The Ann Arbor Amtrak station will offer a prototype retractable setback-shuttle platform that will provide safer and faster boarding on and off trains for all passengers including those who use a wheeled mobility device, seniors, and those who need assistance with luggage and strollers.
The platform mechanically extends toward the train, bridging the gap created when a level-boarding platform is needed. This next generation of passenger-focused technology will allow America’s Railroad® to deliver a modern passenger railroad that is accessible to all.
"Amtrak making its platforms more accessible is a great step in our efforts to improve inclusiveness and accessibility for people with disabilities, ultimately helping all Michiganders” Michigan Lt. Gov. Brian Calley said. “It’s great to see a Michigan company taking the lead and partnering with Amtrak to improve transportation options for everyone.”
Amtrak and RLE International of Madison Heights, Mich., developed this setback shuttle platform from concept, through the design process, to a prototype for installation at the Ann Arbor station. This prototype will remain in use for a two-year test on performance and then Amtrak plans to deploy at other stations.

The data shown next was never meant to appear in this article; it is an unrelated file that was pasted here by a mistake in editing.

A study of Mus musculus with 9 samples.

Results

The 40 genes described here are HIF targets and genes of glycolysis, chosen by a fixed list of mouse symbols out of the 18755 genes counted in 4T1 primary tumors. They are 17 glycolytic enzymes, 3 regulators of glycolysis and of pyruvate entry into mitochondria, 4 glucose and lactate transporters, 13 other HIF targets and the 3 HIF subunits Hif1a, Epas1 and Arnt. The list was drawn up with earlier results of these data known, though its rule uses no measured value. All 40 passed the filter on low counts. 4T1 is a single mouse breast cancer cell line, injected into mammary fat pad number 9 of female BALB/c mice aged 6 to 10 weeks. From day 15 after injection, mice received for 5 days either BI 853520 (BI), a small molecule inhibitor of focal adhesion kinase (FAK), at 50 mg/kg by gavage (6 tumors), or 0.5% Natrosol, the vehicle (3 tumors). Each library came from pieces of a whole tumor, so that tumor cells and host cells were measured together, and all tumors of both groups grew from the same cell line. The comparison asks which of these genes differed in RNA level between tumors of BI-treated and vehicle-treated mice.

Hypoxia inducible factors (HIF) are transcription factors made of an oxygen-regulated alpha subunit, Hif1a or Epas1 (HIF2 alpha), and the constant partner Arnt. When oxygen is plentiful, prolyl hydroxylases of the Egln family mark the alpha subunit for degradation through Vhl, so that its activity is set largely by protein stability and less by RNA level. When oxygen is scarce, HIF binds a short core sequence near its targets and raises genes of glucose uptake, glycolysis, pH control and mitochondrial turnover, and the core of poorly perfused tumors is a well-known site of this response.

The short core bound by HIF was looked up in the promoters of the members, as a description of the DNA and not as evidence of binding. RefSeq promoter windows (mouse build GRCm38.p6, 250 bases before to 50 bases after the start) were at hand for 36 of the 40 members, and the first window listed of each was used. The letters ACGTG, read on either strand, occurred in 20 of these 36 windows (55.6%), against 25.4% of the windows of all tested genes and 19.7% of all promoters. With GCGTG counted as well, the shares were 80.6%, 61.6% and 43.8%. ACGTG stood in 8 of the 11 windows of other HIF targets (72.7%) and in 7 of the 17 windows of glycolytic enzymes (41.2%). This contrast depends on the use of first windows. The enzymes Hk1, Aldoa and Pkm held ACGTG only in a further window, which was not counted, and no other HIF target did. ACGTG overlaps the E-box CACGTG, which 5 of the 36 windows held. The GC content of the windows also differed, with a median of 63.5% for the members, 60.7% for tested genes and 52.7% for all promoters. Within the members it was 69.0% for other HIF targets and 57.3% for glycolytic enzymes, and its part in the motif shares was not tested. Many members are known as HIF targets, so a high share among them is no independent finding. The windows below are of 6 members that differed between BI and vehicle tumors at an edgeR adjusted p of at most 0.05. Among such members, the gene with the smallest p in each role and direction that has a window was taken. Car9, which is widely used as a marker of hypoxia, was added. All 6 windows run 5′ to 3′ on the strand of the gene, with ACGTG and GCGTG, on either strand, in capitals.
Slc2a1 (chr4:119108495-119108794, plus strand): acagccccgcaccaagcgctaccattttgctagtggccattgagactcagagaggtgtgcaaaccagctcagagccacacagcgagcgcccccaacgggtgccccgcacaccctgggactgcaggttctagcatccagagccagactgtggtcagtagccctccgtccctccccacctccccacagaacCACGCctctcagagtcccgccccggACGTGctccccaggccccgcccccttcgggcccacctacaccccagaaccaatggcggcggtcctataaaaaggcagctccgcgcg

“Amtrak’s willingness to invest in the disabled will serve as a benefit to all,” said Michigan Supreme Court Justice Richard Bernstein.
Amtrak’s goal is to provide safe, efficient and comfortable service to all, including providing additional amenities to those passengers who have a disability.
“Amtrak is proud to serve as an important mode of travel for people with disabilities and recognizes that accessibility improvements benefit all passengers by eliminating barriers to travel,” said Joe McHugh, Amtrak’s Senior Vice President/Chief Government Affairs & Corporate Communications.
Ridership at the Ann Arbor station for Fiscal Year 2014 was 144,120. Amtrak serves Michigan with three daily Wolverine Service round-trips on the Pontiac-Detroit-Ann ArborChicago route. Amtrak also operates the daily Blue Water (daily Port Huron-East LansingChicago) and the Pere Marquette (daily Grand Rapids-Chicago) corridor services.
“Level boarding type solutions benefit all passengers, not just those with disabilities,” said Richard Devylder, a former senior advisor for Accessible Transportation at the U.S. Department of Transportation. “Creating an accessible and inclusive environment is more than the law, but the right thing to do. The state of Michigan, Norfolk Southern and Amtrak have developed a solution that meets everyone’s needs, which must be implemented across the country.”